By Dean Franks, senior vice president, congressional relations, ARTBA

Congress is facing several pieces of must-pass legislation in the coming weeks, in addition to a strong desire among many members and President Trump to take up a major infrastructure initiative.

First up is how to fund the government for the remainder of the fiscal year. Since Oct. 1, government spending has been held at FY 2017 levels through a series of short-term Continuing Resolutions (CR), the latest expires Jan. 19.  Bipartisan congressional leaders and White House officials are trying to reach consensus on spending levels and other issues that could be wrapped into one package. While reports from these negotiations signal movement in a positive direction, another CR to keep the government operating may be necessary before a reaching a final deal.

As it relates to FY 2018 transportation spending, ARTBA staff has called on congressional leaders to include a provision in the Senate transportation appropriations bill that would continue funding the TIGER discretionary grant program.  ARTBA is urging an increase in the Passenger Facility Charge user fee for commercial aviation travelers that funds capital projects at airports, another Senate provision, be included in any final package.

Congressional Republican leaders are meeting Jan. 6-7 with President Trump at Camp David in Maryland to discuss the 2018 legislative agenda, including a $1 trillion infrastructure package.  The Trump administration is expected to release its infrastructure plan before the Jan. 30 State of the Union address.

Other issues facing Congress include the contentious need to increase the federal debt limit and reauthorize federal aviation programs, now operating under a temporary extension through March 31. House and Senate leaders are at an impasse on the FAA bill. House Transportation & Infrastructure Committee Chairman Bill Shuster (R-Pa.) is pushing a bill to privatize the nation’s air traffic control system. The provision is supported by the airlines, but unpopular with the general aviation industry, Democrats in the House and both parties in the Senate. There was discussion in 2017 about possibly combining the FAA reauthorization and the infrastructure package, but it’s unclear if there is sufficient support for that approach.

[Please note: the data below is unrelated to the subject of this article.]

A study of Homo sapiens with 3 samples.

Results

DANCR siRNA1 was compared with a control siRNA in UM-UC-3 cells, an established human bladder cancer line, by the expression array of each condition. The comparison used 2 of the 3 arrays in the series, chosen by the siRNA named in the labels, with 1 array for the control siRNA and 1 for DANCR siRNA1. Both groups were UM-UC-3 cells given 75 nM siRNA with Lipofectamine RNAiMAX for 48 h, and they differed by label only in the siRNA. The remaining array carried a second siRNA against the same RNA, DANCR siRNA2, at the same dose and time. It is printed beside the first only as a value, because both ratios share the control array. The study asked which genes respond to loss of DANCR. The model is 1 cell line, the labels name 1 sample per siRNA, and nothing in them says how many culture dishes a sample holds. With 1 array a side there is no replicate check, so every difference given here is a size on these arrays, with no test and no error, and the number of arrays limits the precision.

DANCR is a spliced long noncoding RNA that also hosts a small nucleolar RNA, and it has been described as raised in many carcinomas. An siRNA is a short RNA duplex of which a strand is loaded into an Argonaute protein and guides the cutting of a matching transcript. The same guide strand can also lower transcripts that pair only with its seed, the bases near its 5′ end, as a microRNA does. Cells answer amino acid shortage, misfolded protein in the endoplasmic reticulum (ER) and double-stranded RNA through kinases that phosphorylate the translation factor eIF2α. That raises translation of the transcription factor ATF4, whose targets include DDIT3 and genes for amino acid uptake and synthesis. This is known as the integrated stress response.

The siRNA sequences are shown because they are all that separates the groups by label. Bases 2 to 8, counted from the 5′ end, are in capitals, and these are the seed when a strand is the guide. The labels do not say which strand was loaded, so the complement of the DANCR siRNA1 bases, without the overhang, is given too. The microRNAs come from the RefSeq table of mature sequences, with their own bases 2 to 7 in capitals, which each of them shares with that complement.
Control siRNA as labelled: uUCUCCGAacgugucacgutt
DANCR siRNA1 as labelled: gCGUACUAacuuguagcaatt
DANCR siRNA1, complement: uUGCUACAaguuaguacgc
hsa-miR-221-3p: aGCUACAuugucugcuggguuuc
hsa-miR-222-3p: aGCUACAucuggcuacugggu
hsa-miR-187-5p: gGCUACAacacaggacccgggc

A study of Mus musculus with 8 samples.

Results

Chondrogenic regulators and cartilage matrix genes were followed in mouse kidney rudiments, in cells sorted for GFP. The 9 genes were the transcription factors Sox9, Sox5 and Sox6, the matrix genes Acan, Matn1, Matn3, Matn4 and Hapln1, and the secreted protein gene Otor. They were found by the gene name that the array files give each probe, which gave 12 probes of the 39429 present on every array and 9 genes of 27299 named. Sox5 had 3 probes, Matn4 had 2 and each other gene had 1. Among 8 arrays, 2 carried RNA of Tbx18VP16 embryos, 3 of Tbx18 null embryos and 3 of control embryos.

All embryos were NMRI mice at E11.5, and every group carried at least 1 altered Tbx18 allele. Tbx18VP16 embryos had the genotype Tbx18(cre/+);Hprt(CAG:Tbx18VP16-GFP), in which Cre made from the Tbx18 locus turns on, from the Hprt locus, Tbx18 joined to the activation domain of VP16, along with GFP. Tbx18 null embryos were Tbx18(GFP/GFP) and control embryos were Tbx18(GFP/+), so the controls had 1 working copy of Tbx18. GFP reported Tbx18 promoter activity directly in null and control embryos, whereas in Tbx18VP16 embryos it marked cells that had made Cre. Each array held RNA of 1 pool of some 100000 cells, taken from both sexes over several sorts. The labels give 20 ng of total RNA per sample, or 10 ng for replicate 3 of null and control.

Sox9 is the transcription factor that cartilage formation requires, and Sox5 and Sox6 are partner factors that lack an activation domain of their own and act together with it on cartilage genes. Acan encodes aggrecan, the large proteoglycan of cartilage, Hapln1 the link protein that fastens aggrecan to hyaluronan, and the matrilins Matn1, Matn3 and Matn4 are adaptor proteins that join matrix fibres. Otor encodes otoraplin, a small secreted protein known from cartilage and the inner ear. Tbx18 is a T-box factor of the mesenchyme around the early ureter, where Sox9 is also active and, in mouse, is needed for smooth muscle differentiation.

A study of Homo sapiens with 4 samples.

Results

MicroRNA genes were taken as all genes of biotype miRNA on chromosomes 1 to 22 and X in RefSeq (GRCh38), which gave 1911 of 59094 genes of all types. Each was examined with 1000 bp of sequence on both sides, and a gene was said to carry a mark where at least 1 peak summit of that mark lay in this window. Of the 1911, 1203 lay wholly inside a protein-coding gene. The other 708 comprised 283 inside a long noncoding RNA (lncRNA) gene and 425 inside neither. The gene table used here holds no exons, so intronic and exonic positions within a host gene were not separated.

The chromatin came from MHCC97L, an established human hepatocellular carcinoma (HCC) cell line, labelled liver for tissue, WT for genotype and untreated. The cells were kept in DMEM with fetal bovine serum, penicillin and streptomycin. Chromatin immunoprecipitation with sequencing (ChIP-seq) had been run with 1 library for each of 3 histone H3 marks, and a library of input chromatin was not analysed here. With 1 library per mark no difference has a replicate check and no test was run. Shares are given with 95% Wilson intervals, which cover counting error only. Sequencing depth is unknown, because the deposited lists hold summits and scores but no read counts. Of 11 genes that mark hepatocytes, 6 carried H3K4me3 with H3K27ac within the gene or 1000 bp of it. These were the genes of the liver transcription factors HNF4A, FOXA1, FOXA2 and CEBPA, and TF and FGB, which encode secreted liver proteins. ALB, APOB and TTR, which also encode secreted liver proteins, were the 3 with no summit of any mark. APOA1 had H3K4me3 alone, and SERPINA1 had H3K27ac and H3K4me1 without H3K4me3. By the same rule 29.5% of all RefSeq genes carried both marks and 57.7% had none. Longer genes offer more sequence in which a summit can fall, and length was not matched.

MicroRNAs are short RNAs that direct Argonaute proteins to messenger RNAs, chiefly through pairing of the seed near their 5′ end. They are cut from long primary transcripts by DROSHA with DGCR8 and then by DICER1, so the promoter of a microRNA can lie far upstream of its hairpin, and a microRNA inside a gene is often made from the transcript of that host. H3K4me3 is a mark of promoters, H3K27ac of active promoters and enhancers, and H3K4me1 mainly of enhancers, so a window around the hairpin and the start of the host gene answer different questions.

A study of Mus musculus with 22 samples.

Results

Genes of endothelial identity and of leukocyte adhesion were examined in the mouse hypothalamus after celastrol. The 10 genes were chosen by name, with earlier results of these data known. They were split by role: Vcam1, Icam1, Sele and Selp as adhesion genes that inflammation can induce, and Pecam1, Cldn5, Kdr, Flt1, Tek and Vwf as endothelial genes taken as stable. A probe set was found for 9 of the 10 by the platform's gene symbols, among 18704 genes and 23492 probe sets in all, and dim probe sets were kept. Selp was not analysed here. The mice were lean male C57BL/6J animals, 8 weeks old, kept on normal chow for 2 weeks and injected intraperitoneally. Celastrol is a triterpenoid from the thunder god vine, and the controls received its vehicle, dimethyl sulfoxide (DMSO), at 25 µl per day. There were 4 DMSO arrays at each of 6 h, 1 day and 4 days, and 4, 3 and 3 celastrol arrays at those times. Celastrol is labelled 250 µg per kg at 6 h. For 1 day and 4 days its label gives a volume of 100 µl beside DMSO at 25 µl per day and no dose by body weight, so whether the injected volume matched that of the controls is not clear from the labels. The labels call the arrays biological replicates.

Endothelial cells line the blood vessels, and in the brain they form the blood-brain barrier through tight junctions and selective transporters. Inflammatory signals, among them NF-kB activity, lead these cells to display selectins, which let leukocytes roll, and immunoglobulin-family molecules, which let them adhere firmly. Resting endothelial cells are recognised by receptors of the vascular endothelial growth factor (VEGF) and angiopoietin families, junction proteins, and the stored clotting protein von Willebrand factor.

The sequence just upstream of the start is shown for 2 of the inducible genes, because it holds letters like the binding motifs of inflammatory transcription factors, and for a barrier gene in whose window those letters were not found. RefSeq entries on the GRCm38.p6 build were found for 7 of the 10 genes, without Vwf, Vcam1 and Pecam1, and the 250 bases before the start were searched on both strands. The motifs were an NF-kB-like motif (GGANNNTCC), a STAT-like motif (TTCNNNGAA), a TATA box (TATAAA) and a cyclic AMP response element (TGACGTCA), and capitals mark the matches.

ARTBA will continue to push to ensure the final FY 2018 spending deal fully funds the highway and public transportation investments authorized by the FAST Act, while also maximizing investment levels in airport construction and other transportation capital programs. We are also urging Congress and the administration to stabilize and grow the Highway Trust Fund revenue foundation as part of any infrastructure package.